Rotting Christ - Thy Mighty Contract

Production: Radiant in shadow.

Review: Most metal bands play rhythm only, because it's the easiest for the proles to grasp; some, wanting to be "different," decide to be melodic, but they lack subtlety and apply that melodic sensibility uniformly to the whole of the music, producing a headache of sweetened sound that by having no variation in consistency becomes background noise. Rotting Christ shows a clarity of vision by writing melodic metal that sparingly applies its beauty, and through attentiveness to the need for intense dynamic variation to create contrast so that its explicitly gentle and sonorous aspects make an impression, it captures what made Black Sabbath distinct from the rock music of the time: a grandly varied intensity coupled with a tendency to write riffs that reduce the accumulated harmony and motion to a simple, world-redefining conclusion; the operatic and theatrical aspects of metal songwriting come together in this momentous sound.

When most bands claim an epic sound, it means they dress up normal music with horns, long pauses, and whole-tone scales on harpsichordish keyboards, but on this album, Rotting Christ shape classic heavy metal through the filter of black metal into something epic by its topic and content. Many of these riffs would not be out of place on a Judas Priest album but here they are organized into something more articulate, transcending the distracting nature of rock music for something both insightful and forceful in its emotional communication.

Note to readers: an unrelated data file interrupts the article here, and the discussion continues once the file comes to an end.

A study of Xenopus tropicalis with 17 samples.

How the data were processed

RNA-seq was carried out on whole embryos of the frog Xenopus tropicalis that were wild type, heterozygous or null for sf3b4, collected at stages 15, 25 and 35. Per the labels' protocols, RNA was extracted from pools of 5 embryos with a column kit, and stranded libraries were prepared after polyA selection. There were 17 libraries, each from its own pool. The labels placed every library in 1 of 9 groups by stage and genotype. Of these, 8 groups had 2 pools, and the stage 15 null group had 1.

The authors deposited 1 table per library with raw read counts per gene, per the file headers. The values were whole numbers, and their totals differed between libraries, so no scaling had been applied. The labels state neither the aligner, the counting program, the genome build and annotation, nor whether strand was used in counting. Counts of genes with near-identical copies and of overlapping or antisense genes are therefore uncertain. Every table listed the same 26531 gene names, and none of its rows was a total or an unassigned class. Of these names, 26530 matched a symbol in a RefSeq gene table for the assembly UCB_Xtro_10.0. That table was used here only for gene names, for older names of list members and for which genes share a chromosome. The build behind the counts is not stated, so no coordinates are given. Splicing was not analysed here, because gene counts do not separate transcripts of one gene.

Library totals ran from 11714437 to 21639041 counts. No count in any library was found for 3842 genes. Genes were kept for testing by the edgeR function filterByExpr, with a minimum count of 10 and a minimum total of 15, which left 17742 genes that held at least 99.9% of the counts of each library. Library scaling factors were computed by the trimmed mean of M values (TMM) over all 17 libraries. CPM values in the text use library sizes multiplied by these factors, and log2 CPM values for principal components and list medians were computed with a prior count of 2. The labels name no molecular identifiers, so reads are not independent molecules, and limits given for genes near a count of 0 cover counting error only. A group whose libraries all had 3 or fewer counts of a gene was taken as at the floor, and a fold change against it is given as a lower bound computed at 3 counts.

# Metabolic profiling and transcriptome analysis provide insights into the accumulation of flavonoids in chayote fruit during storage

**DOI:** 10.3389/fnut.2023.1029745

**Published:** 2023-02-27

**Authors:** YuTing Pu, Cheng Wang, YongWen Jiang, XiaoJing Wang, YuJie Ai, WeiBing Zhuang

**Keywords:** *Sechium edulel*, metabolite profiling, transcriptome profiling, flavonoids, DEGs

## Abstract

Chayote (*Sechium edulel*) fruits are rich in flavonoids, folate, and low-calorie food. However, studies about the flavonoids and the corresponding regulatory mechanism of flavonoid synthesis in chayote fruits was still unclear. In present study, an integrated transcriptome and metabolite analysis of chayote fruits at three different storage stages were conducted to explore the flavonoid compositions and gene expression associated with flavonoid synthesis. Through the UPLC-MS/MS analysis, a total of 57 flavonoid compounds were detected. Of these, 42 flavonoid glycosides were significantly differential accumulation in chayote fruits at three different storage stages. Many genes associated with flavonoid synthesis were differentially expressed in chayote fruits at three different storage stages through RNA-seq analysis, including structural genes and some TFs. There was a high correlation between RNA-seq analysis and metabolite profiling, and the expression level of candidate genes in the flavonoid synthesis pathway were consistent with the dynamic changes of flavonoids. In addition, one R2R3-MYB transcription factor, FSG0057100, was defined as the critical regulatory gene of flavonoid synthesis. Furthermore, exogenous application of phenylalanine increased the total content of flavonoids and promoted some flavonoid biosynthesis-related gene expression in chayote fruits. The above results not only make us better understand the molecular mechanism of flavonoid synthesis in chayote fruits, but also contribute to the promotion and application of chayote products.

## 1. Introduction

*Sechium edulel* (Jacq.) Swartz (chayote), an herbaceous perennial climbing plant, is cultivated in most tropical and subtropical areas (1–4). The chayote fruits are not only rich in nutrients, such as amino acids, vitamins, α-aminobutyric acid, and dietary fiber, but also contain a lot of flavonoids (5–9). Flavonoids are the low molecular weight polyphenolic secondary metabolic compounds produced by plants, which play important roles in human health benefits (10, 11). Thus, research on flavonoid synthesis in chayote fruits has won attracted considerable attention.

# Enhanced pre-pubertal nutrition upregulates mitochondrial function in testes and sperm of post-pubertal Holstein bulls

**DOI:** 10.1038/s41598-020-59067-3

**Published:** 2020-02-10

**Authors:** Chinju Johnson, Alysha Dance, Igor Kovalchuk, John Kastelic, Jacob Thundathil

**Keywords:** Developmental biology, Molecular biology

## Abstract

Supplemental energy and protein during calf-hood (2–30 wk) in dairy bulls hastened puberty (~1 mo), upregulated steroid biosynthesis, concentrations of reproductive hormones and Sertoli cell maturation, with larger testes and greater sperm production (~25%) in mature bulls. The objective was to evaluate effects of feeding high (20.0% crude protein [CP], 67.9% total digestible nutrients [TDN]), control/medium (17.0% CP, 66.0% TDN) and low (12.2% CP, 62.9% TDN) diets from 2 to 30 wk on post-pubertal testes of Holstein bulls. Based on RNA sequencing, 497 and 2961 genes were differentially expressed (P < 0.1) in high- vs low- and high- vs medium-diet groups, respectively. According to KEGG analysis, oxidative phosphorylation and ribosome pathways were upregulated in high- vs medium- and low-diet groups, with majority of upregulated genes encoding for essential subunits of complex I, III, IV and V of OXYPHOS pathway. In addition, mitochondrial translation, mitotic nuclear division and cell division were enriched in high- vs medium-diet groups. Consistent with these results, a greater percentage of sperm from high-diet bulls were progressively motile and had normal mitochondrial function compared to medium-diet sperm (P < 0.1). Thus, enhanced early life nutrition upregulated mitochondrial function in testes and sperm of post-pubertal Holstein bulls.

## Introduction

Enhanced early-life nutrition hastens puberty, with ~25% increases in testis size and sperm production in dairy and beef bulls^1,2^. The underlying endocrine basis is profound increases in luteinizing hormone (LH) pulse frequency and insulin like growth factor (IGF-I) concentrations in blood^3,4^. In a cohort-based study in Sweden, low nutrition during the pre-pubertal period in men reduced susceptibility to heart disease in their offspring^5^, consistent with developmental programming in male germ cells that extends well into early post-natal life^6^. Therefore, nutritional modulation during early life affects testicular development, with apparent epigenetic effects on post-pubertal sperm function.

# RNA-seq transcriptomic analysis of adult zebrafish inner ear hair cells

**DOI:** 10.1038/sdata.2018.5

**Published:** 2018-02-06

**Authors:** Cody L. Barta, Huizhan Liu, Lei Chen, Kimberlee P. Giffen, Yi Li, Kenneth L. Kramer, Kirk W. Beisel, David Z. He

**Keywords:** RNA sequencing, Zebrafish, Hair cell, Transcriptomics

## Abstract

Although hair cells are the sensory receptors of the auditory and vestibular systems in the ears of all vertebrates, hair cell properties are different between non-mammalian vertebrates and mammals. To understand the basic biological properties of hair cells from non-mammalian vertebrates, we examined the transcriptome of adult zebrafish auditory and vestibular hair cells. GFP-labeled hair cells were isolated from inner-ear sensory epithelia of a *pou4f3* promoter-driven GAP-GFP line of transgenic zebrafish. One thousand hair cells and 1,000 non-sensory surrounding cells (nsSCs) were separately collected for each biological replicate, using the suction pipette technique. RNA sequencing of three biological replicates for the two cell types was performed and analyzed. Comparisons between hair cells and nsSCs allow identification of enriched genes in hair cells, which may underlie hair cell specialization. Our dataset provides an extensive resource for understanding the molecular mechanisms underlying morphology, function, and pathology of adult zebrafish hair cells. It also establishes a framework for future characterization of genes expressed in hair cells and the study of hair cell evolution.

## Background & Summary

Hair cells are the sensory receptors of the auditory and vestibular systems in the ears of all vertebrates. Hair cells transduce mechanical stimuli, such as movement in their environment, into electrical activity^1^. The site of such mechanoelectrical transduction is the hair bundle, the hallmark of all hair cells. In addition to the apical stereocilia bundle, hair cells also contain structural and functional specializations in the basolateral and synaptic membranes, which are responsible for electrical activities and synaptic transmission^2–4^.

1. The Sign Of Evil Existence
2. Transform All Sufferings Into Plagues
3. Fgmenth, Thy Gift
4. His Sleeping Majesty
5. Exiled Archangels
6. Dive The Deepest Abyss
7. The Coronation Of The Serpent
8. The 4th Knight Of Revelation (Part I,II)

Length: 37:21

Rotting Christ - Thy Mighty Contract: Black Metal 1993 Rotting Christ

Copyright © 1993 Osmose

Vocals are rasping but gently dramatic, floating behind the music in a monotone that underscores the subtleties of each phrase. At times, it resembles the work of crooners of the 1950s whose goal was to stretch out each moment and hammer home each transition, more like storytellers than the rote-repetition singers of the current time. Britney Spears and Children of Bodom are alike in that they take a simple idea, dress it up in technique, and have nothing to say, thus are acceptable music but worthless as art. Rotting Christ is a transcendence of all of these pitfalls on this legendary tribute to the dark powers below.